CHICAGO (STMW) - U.S. Sen. Dick Durbin (D-IL) has introduced a bill which would require all breeders that sell more than 50 dogs a year to be licensed and to undergo inspections to ensure dogs are receiving proper care.
Though most commercial breeders are responsible dog owners who lovingly tend to the animals in their care, according to Durbin, there are substandard facilities, sometimes referred to as “puppy mills,” that not only harm puppies and the people who buy them, they also threaten the reputation of the broader dog breeding industry.
Under the Animal Welfare Act (AWA), wholesale animal breeders – those who sell to pet stores, for instance — are regulated, licensed and subject to inspections by the Animal and Plant Health Inspection Service at USDA, according to a release from Durbin’s office.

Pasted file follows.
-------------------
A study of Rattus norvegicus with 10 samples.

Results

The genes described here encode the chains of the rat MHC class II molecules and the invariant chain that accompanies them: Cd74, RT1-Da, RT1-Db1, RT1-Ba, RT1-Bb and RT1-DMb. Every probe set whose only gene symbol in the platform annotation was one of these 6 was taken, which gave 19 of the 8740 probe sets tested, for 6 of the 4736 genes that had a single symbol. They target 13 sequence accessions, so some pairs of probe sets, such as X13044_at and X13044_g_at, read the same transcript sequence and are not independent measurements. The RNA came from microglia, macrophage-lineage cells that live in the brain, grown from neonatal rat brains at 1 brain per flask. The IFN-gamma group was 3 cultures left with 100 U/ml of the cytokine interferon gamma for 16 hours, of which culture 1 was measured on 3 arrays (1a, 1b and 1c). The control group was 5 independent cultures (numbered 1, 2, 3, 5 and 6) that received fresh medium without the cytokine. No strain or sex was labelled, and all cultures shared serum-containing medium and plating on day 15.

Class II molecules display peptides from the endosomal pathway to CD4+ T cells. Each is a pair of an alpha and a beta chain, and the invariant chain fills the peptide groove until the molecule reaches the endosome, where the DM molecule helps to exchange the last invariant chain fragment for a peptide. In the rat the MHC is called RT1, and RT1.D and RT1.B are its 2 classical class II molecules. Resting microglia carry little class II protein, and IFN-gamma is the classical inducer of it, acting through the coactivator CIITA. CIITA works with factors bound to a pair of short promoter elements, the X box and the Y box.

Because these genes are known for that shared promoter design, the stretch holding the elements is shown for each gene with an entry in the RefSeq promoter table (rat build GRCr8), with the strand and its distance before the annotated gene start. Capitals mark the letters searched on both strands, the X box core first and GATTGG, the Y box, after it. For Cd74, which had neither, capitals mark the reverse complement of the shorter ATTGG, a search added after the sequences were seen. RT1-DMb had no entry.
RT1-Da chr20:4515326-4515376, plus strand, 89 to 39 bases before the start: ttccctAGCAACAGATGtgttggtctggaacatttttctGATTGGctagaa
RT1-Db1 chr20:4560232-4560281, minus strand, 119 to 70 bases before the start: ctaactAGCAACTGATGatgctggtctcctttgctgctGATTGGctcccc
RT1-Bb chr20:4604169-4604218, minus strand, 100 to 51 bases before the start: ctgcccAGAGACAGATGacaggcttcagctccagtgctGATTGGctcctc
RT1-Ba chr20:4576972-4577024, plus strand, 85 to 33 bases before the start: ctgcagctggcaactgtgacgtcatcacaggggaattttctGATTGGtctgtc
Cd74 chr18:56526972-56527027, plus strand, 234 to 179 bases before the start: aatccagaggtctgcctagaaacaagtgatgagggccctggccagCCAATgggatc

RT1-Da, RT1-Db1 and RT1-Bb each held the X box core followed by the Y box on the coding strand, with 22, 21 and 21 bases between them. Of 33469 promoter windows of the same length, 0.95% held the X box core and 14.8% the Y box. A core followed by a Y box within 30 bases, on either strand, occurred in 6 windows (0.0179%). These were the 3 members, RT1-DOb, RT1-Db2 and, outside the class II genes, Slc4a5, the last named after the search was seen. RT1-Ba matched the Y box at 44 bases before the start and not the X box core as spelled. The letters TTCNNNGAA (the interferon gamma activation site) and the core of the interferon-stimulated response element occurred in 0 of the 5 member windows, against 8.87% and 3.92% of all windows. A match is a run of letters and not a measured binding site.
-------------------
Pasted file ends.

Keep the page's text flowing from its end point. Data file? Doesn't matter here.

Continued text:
Because retail pet stores are thought to be supplied by licensed, regulated breeders, retail stores are not regulated. Now that on-line puppy sales happen every day, that law has not kept pace with recent developments, Durbin says. Internet sales bypass the retail pet store.
The Puppy Uniform Protection and Safety — PUPS — Act, which Durbin introduced on Thursday, would bring direct-to-buyer dog breeders into the regulatory framework that will require them to meet the basic standards for shelter, care and exercise, the release said.
“The media regularly reports stories about dogs rescued from substandard facilities — where dogs are housed in stacked wire cages and seriously ill dogs are routinely denied access to veterinary care,” Durbin said. “Online dog sales have contributed to the rise of these disturbing cases. My bipartisan bill requires breeders who sell more than 50 dogs a year directly to the public to obtain a license from the USDA and ensures that the dogs receive proper care.”
A similar bill was introduced last Congress, according to the release. This bill is cosponsored by Senator David Vitter (R-LA).